An inspection of rapper R. Kelly's rental property on Chicago's Near West Side was scheduled to take place Wednesday.
Last week, a judge granted the city of Chicago's request to inspect the property in the 200 block of North Justine Street in the West Town neighborhood.
The judge ruled that the inspection would take place Wednesday between 11 a.m. and 2 p.m. CST.
The ruling was a victory for city lawyers who allege that the building is being used in a manner that is not in compliance with its zoning designation.
Attorneys for the city said they have received a complaint that the commercial property is possibly being used as a recording studio and a residence, which would be in violation of its building permits.
"The parties to this litigation, including the property owner and the tenant, are cooperating fully with the city of Chicago in ensuring that all building code and zoning measures at the subject premises do remain compliant," Melvin Sims, the attorney representing Kelly in the property case, said at a news conference Friday afternoon.
"There is no truth to any of the specious allegations regarding that premises," he continued.
The judge's ruling allowing the inspection came as the rapper faces increased scrutiny over allegations of mental, physical and sexual abuse highlighted in a new television series.
The six-part series “Surviving R. Kelly,” which describes decades of Kelly’s alleged misconduct, aired at the beginning of January on Lifetime. It features multiple women who have accused Kelly of sexual, mental, and physical abuse and includes interviews with Kelly’s brothers, the founder of the #MeToo movement, talk-show host Wendy Williams and singer John Legend.
Kelly has repeatedly denied all the allegations against him. Kelly did go as far as detailing the claims against him in a song released last year.
The series pointed to the Justine Street rental as a spot where Kelly may have allegedly housed some of the young women he has been accused of seeing.
Attorneys for Midwest Commercial Funding, the company that owns the building and leases it to Kelly, said in a statement Thursday that the company had initiated eviction proceedings, alleging Kelly had not been paying rent.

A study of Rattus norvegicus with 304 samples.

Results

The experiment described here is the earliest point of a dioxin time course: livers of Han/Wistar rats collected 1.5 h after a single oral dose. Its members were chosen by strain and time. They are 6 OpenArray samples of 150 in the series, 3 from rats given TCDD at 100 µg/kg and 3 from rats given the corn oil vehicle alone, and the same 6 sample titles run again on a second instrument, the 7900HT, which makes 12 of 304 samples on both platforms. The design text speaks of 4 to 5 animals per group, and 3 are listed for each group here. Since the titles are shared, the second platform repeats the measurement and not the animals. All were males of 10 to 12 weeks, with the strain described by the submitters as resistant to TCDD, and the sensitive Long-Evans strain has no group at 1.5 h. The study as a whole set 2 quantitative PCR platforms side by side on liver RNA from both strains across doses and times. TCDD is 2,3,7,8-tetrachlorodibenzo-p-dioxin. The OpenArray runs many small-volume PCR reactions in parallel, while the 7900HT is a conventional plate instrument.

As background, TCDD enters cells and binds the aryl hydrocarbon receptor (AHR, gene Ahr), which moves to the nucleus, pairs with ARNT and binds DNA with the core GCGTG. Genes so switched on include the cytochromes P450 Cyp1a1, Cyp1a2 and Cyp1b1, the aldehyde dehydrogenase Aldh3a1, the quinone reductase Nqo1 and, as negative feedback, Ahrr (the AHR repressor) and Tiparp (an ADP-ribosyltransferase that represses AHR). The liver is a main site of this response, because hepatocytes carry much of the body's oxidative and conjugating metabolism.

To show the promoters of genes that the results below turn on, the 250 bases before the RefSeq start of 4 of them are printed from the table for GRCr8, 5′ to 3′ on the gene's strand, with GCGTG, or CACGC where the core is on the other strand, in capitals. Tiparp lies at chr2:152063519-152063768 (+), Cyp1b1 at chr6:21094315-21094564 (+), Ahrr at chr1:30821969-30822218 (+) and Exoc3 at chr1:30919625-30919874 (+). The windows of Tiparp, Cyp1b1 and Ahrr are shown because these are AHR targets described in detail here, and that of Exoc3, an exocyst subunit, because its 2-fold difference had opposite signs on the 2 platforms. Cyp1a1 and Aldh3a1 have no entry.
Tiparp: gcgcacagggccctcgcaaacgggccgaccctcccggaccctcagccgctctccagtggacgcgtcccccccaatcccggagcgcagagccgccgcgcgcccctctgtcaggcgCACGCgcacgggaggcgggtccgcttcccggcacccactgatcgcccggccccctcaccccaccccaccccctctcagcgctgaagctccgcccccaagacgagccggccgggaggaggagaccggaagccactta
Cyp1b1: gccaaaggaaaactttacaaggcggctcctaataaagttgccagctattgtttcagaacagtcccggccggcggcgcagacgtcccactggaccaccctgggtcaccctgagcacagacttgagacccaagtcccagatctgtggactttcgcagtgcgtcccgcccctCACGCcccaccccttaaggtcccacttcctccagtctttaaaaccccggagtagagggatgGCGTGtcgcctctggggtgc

The embattled entertainer has long been accused of behavior that has ranged from questionable to potentially criminal. He was accused of child pornography after a widely circulated videotape appeared to show him having sex with, and urinating on, a teenage girl. He was acquitted of all charges in 2008.
In the wake of what she called "deeply disturbing" allegations chronicled in the series, Cook County State's Attorney Kim Foxx on Jan. 8 encouraged potential victims to come forward.
"We cannot do anything related to these allegations without the cooperation of these victims," Foxx said at a press conference.
Foxx noted her office is "in the process of trying to get information" and has been in contact with Chicago police and families who documented concerns surrounding a relative's contact with the rapper.
Her office said the following day that it was following up on calls it has since received.
"We can confirm that the office has received calls related to this matter," a spokesperson for the office said in a statement. "We are in the process of reviewing and following up on these calls and have no additional information to provide at this time."
That same day, Chicago police confirmed they conducted a "business check" at Kelly's recording studio.
"We have no criminal complaints from anyone about the location but we strongly urge anyone that may have information on potential criminal activity to please contact police," CPD spokesman Anthony Guglielmi said in a statement.
Steven Greenburg, Kelly's attorney, told NBC 5 in a phone interview there was no evidence of any wrongdoing.
"There's not gonna be any physical evidence, no confirmatory evidence," he said. "Because they want 15 minutes of fame and [Foxx is] encouraging that."
He said Foxx's call for alleged victims to come forward was "unprecedented."
"People know how to call the cops," Greenburg said. "People call 911. Nobody's done that because nothing has happened."
On Monday, a woman who sued R. Kelly alleging he knowingly infected her with herpes and locked her in rooms for punishment said she has been threatened with retaliation by the singer.
Faith Rodgers, who was featured in the documentary series, claimed the singer sent Rodgers a letter threatening to "reveal what he alleges are details of her sex life" in response to the lawsuit.
Rodgers said she met Kelly in 2017 after a concert in San Antonio, Texas, sparking a relationship where Kelly "mentally, sexually and verbally" abused her. At the time the suit was filed, Kelly's management declined to comment.
Allred made public Monday a letter Kelly sent to Lydia Hills, an attorney for Rodgers, in which the singer warned that if her client "persists in court action she will be subjected to public opinion during the discovery process. For example, my law team is prepared to request the production of the medical test results proving the origin of her STD claim, as well as 10 personal male witnesses testifying under oath about her sex life in support of her claim and complete records of her text/face time message exchanges..."
NBC News reached out to Kelly’s representatives about the television series and they said they had no comment. NBC Chicago also reached out to Lifetime for comment but has not heard back.
Foxx said victims of sexual assault or domestic violence can contact their local police department or call the state's attorney's office at (773) 674-6492.